Tuesday 28 July 2015

A good feature of The Phantom Menace

Seriously, I'm not joking.

Due to the impending release of Episode VII, my plan to write some other blog posts on Star Wars, and beer on Friday lunchtime impeding my higher brain functions, I decided to re-watch Star Wars Episode I: The Phantom Menace.

In the third act of this film, Queen Amidala is a strong, independent, heroic character. She defies pressure from old men (Palpatine, Qui-Gon Jinn) to stay safely in exile on Coruscant. Instead, she forms a plan, makes an alliance with old rivals, leads her forces in battle, takes back her planet and frees her people.

I really do like that. The battle plan is kind of stupid, but this is Star Wars, so I'm willing to cut them some slack and give credit for a good idea. Natalie Portman's wooden performance is unhelpful, but better actors than her have struggled to make George Lucas' dialogue sound like something a human being might say. The real problem is that Lucas doesn't give this story any space to breathe.

Instead of giving Portman a chance, we are subjected to lots of time with Jar-Jar Binks and Anakin Skywalker. Jar-Jar is so unbelievably irritating, he manages to overshadow the annoying qualities of Anakin, who for some reason has tagged along. What the hell was Qui-Gon thinking, taking a nine year-old boy into the middle of a battle, then leaving him to sit around unsupervised while he heads off to duel with Darth Maul? I wouldn't leave a child that age alone at a football match, never mind a combat zone.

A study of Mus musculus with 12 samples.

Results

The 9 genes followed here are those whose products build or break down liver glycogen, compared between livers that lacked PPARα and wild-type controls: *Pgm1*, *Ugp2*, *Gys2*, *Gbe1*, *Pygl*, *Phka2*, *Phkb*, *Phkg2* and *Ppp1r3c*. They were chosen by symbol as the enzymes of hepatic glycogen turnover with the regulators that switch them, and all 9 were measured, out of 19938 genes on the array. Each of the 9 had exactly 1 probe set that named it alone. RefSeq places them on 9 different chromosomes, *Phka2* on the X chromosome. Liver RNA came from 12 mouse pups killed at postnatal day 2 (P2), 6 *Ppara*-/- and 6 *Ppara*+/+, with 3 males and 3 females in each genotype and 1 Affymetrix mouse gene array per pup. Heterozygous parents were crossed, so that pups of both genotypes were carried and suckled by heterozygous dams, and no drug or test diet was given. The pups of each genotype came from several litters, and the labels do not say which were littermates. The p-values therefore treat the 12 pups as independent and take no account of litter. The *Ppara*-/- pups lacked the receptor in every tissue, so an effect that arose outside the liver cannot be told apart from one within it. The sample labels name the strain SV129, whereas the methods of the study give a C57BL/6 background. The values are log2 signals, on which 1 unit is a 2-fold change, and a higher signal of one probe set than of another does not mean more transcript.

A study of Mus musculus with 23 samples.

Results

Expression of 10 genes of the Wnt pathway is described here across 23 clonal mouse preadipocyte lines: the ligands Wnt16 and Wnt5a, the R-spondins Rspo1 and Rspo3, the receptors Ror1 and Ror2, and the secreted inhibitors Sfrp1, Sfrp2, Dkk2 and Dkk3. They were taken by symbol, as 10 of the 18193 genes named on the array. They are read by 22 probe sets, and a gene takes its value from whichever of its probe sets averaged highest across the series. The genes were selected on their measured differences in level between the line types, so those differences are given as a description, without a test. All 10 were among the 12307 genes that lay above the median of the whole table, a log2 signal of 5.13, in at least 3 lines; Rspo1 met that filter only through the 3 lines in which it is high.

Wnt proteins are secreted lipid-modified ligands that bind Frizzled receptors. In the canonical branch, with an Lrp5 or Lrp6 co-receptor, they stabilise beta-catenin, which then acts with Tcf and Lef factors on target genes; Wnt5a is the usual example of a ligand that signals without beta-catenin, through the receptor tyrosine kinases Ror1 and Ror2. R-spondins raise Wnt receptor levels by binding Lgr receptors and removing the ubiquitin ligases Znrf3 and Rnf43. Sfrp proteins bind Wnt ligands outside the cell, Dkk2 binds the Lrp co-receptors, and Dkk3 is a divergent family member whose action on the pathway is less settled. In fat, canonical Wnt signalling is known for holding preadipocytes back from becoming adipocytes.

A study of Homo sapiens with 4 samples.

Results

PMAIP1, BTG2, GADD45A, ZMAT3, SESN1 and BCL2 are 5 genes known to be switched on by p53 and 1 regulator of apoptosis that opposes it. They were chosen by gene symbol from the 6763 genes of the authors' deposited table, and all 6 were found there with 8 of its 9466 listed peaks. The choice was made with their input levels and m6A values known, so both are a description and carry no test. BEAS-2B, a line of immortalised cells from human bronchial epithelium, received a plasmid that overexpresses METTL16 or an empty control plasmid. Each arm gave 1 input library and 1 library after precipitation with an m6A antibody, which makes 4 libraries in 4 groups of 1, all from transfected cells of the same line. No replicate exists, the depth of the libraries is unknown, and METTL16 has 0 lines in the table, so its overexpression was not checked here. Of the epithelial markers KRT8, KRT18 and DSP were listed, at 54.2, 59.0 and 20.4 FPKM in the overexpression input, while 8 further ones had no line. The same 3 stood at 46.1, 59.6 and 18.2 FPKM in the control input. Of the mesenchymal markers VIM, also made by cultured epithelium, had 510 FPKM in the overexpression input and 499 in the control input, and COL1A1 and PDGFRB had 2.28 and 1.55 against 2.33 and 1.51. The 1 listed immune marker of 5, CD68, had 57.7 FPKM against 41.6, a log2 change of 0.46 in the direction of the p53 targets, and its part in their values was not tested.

Anakin goes joyriding in a fighter craft. (Bizarrely, there was an Anakin-sized helmet left in the cockpit; I guess the regular pilot has a really small head.) By a combination of dumb luck, supernatural piloting skills, and help from the long-suffering R2-D2, he flies around making idiotic cutesy remarks, before blowing up the Trade Federation control ship, killing everyone on board. Maybe thousands of them, from the size of that ship.

They were all funny-looking aliens who speak with a ridiculous mock-Japanese accent, and pawns in Darth Sidious' evil plan, so they had it coming, right?

Seriously though, a nine year-old boy kills thousands of people. What kind of horrifying Ender's Game shit is that? As a reward, they have a big party, Amidala smiles at him, and then he gets taken away by Obi-Wan for Jedi training, leaving his mother as a slave back on Tattooine. A nine year-old boy, remember. I'm amazed he didn't turn to the Dark Side sooner.

Still, credit where it's due, Amidala taking back her throne is pretty cool.


  1. The one time I sat down to watch Phantom Menace, I fell asleep after about twenty minutes.

    1. With certain other films, I would try and talk you into giving it another try. The Phantom Menace is not one of those films.